Current issue: 55(2)
Under compilation: 55(3)
For non-industrial private forest (NIPF) owners land with its timber production is an example of a capital asset. Developments in the asset’s value and yield depend not only on forest management but also on other factors that the owner cannot control, for example timber prices and the production circumstances, such as soil and climate. One important basis for decision making related to management strategy and, in the short run, to cutting and silvicultural activities is economic analysis and accounting. The owner has to decide whether to invest more in his property (planting, cleaning, building of forest roads) or disinvest (sell timber or the holding). He has to find ways to increase revenue and cut costs.
However, generally accepted accounting practices for NIPF owners are lacking. Applying business economic accounting principles and forestry accounting traditions, we outline a proposal for a profit and loss accounting and balance sheet for NIPF holdings with a view towards increasing economic awareness among private owners. Key concepts are net profit of the enterprise and calculated profit of the property. Other profit measurements that are used are gross margin, forestry margin, operating margin and operating profit. Calculated profit is based on adjusted net profit. The main concern, however, is to consider the change in the holding’s market value caused by changes in stock volume, quality and price. The contents of the accounting framework development here are applied to three management strategies. The return on investment (ROI) of forestry is compared with other investment alternatives.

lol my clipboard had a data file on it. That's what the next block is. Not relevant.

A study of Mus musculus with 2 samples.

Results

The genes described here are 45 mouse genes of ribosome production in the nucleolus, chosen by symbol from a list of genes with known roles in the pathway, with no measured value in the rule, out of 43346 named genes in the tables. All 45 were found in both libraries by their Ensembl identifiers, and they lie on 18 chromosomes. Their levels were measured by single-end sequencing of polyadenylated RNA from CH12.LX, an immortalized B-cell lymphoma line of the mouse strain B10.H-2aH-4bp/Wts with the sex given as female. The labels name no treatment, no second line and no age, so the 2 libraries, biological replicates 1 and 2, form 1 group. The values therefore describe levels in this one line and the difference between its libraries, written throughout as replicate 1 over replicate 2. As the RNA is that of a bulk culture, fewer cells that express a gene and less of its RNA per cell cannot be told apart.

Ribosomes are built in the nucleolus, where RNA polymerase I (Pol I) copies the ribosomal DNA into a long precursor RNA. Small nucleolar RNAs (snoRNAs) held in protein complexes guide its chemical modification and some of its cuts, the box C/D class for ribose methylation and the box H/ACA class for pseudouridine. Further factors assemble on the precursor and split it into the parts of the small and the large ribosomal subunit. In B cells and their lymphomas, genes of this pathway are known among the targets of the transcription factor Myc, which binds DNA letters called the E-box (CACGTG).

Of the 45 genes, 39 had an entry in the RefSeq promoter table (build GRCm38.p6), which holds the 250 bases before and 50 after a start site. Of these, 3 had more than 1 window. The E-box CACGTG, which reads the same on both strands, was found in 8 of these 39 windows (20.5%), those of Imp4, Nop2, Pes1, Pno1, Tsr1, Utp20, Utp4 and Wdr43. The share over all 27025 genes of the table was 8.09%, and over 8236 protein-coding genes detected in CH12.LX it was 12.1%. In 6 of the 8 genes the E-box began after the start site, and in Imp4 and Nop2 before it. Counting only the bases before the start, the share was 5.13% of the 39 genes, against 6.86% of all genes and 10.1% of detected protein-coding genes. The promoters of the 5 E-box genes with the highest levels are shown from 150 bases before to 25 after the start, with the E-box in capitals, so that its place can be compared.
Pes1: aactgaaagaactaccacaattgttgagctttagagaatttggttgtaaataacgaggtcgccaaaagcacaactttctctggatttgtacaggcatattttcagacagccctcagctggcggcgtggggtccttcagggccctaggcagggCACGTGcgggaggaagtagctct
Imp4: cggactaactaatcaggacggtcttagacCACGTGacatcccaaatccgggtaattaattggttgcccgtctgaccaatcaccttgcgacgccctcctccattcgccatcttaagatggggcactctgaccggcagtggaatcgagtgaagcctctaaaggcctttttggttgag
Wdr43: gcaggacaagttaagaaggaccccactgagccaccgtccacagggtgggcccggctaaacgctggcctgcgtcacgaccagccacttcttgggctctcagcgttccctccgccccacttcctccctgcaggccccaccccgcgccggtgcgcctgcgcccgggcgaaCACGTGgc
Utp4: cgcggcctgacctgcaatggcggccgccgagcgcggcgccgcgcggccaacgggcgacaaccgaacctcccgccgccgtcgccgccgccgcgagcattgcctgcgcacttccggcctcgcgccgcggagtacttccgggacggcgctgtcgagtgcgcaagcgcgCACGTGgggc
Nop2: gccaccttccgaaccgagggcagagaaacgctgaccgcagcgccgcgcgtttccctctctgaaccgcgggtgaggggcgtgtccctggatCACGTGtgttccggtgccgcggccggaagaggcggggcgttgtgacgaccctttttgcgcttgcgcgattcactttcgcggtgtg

As the use and value of forests have increased, forests have been managed more as a business. Financial bookkeeping defines the production costs of wood, costs of forest management work, investments in forest improvement, taxes and administrative costs, income from the sales of forest products etc. Bookkeeping reports the annual costs and income in the forestry, but does not give information of the future profits or appropriate organization of the economy of forestry.
The author introduces a system that he calls “metsänhoitoteknillinen tarkkailu” (silvicultural monitoring), which would give economic information of the forestry, and could also replace a forest management plan in the private forests. The bookkeeping system will list in detail the volumes and areas of fellings and silvicultural measures in different years, and deduce the sustainability of the use of forests and future incomes in forestry.
The PDF includes a summary in German.